DESIGN METHODOLOGY- Milestone 1

INITIAL 
OBSERVATIONS

DEFINITIONS

THE PROBLEM

Sexual assault: is any type of forced or coerced sexual contact or behavior that happens without consent. Sexual assault includes rape and attempted rape, child molestation, and sexual harassment or threats.

 

Victim Centered: The Victim is at the center of all decisions regarding recovery and any involvement with the criminal justice system.The victim’s choice, safety, and well being is the focus, and the needs of the victim are a concern for everyone- not just the victim advocates. (NIJ)

 

Trauma Informed: Attending to the victim’s emotional and physical safety; using resources, services, services and support to increase the victim’s capacity to recover; and educating victims, service providers, first responders, and the general community about the psychological impact of trauma on the health and well-being of the victim. (NIJ)

Sexual Assault  is an epidemic in our country. Someone is sexually assaulted every 2 minutes in the United States. EVERY 2 MINUTES! In the ten minutes that I have been writing this 5 more people have been added to that list.

Sexual Assault is traumatic in and of itself and research has found that the investigative process of reporting and gathering evidence from victims can be just as traumatic when traditional rape kits are used. This 16 step process is invasive, and can be used to gather trace evidence like fibers and DNA as well as physical evidence like bruising, or other more personal injuries. Victims often have a rape crisis advocate present during their exam. A stranger to them up until the time of their crisis. Exams must be performed by a licensed medical professional and each piece collected tagged and dated. Once the kit is complete the victim is sent home and the kit is sent to law enforcement agencies for processing. This is where the survivors wait begins. It can last upwards of 30 years in some cases that have been backlogged before a hit occurs. For victims of sexual assault, psychological trauma like regression and PTSD are frequent occurrences and for many these effects are long lasting.

 

The Backlog: 3 Parts

Part 1: Law Enforcement - This situation happens when the rape kit is submitted to law enforcement agencies and booked into evidence for processing but detectives and prosecutors do not request DNA analysis. The kits remain there indefinitely as "unprocessed" or "unsubmitted". Essentially stagnating the closure for the victim. Reasons for this vary.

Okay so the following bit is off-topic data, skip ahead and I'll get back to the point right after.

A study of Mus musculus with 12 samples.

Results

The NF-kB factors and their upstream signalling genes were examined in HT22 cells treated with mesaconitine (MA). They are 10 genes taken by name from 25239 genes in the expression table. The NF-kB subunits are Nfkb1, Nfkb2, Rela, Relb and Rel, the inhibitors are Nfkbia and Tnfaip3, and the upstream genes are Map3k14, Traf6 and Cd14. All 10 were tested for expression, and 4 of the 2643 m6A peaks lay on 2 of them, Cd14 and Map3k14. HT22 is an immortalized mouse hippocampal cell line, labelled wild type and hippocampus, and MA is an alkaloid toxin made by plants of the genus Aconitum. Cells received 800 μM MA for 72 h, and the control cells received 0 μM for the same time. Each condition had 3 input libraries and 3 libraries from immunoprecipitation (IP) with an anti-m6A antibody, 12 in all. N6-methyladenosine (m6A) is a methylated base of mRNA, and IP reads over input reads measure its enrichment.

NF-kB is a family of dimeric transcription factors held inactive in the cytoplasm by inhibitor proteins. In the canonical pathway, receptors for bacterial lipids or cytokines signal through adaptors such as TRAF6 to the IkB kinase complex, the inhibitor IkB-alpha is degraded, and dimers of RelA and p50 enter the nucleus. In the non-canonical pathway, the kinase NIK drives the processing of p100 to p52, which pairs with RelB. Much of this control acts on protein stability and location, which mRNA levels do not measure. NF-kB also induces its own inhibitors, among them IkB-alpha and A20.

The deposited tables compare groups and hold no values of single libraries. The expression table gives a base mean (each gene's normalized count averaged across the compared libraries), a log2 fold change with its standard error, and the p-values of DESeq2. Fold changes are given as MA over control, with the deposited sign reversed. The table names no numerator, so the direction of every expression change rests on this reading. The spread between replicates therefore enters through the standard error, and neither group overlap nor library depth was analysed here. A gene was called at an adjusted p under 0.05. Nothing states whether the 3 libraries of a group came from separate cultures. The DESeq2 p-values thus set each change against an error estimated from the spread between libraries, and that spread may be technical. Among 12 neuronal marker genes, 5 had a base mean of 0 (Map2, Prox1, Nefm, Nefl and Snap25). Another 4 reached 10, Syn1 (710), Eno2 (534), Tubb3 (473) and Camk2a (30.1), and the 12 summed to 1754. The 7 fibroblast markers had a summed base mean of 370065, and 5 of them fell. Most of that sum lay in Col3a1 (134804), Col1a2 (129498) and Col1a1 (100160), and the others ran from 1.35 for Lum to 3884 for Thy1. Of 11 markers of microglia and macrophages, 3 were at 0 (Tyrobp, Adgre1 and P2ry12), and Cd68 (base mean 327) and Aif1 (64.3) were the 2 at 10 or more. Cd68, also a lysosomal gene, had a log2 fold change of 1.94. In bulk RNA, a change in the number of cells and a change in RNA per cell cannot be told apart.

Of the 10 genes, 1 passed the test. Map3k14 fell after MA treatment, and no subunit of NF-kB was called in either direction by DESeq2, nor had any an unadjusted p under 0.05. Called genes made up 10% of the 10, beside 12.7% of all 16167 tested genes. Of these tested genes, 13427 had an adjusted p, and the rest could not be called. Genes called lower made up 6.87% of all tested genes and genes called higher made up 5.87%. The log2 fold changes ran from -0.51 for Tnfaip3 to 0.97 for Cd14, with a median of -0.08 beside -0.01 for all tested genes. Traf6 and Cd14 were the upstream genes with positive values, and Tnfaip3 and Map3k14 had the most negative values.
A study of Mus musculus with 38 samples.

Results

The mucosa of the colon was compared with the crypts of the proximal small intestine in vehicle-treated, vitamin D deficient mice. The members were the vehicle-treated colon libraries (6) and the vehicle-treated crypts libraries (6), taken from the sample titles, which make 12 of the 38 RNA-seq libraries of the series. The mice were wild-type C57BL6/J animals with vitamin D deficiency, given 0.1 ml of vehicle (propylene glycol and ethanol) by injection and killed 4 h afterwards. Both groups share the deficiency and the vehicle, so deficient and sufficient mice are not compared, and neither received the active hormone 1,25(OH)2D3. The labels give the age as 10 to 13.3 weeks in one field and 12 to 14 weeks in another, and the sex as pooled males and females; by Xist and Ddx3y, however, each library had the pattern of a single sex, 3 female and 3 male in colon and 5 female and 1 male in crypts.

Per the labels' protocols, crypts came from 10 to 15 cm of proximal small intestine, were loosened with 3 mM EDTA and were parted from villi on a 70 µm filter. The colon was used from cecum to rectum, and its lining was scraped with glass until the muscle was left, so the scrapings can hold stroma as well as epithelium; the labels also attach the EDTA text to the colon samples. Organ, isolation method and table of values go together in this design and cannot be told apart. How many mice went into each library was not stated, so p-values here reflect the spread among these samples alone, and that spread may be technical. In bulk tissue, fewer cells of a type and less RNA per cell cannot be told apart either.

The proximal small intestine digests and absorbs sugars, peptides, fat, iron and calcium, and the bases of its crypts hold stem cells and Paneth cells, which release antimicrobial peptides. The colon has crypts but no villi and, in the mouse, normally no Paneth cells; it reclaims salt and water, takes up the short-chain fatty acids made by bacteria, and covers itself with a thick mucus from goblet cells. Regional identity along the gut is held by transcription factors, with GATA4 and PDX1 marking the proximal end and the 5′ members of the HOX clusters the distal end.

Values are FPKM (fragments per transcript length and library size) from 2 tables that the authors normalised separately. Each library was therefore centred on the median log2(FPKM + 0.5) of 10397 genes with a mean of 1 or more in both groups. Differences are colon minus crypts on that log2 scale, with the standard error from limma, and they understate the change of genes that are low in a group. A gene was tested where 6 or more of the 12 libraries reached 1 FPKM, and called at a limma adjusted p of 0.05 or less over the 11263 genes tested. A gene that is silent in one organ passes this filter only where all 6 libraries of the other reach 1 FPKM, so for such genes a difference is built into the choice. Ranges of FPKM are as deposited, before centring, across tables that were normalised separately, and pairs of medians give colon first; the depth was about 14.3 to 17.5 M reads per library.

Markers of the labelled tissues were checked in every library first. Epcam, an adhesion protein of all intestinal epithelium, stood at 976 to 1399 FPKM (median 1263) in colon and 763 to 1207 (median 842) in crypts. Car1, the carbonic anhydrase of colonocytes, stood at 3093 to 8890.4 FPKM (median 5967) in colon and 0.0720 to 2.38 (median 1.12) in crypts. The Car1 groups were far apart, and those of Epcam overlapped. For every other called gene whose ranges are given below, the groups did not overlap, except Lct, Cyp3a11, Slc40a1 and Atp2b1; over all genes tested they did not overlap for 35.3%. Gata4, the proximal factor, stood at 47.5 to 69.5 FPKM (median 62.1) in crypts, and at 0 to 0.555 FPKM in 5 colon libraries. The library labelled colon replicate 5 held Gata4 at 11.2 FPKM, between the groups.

Part 2: The Crime Lab - Kits that are received here are often backlogged as they await DNA processing.

Part 3: The Victim - Some victims live in rural areas and do not go to larger cities for testing. Contact information is often out of date and people are transient. 

THE INITIAL PROBLEM: How can we use or re-purpose technologies that are currently in existence or not yet available to re-evaluate or re-design the efficiency of rape kit collection procedures? Technology focus.

REVISED PROBLEM: How can technology be used to ease and soften the communication between sexual assault victims and investigators once the forensic evidence collection kit (rape kit) is entered into CODIS and receives a "hit" or DNA match, on their investigation?  Survivor focus.

 

INITIAL OBSERVATIONS

INITIAL CURRENT NEEDS ASSESSMENT: 

  • Better System needs to be in place 

  • Better Management of systems

  • Better Technology

  • Easier Collection of Evidence

  • Less Invasive Evidence Collection

REVISED NEEDS ASSESSMENT: 

  • System for victims to use that will ease communication between investigators and victims

  • System must maintain privacy, and be a secure method 

  • Must enable the victim to have control over their re-engagement with law enforcement

  • Must be concise enough for any user to update contact information

  • Must enable victim access to their rape kit process from the start

  • Must solve the contextual problem of victim location

GOALS: 

  • To use technology to help process evidence more efficiently

  • Rework Backlog issues

  • Discover Why it even exists *This research led to revised problem and project scope*

  • Discover new or existing technologies to help with this issue

REVISED GOALS: 

  • Develop a prototype to enable survivors access to their information online

  • Develop a system to help survivors maintain privacy and control over their re-engagement into investigation

  • To enhance private communication between investigators, advocates, and survivors 

PEOPLE INVOLVED: 

  • Victims of Sexual Assault

  • Law Enforcement Agencies

  • Medical Professionals

  • Government Lawmakers

  • Independent Medical Facilities

REVISED PEOPLE INVOLVED:

  • Victims of Sexual Assault

  • Law Enforcement Investigators

  • SANE Nurses/Forensic Evidence Collection Professionals

  • Crime Labs

  • DNA Technicians

 

SKETCHES & PLANS

 

STUDY PLAN

Our intent is to follow this process as we investigate and determine new ways to use technology to solve the problem of where the backlog in this process resides and how we can help streamline and ease the overall collection process for everyone involved in sexual assault cases.

VICTIM USER FLOW

This user flow depicts the journey that someone would take through the medical "Forensic Evidence" collection path after they have been sexually assaulted. This highlights the journey from entry to the hospital to the sealing and pick up of the kit by an officer for transport to the crime lab for processing.

Proposed Study Plan
Initial Mind Map ideation of Systems
Victim Centered Process Flow

REAL TIME RESEARCH: GOOGLE DOC AUTO REFRESH

Throughout this project we will place information into our shared google doc to pull our data from. The doc listed here is a mashup of our combined thoughts, processes, and research that will then be laid out in this website as we gather more data.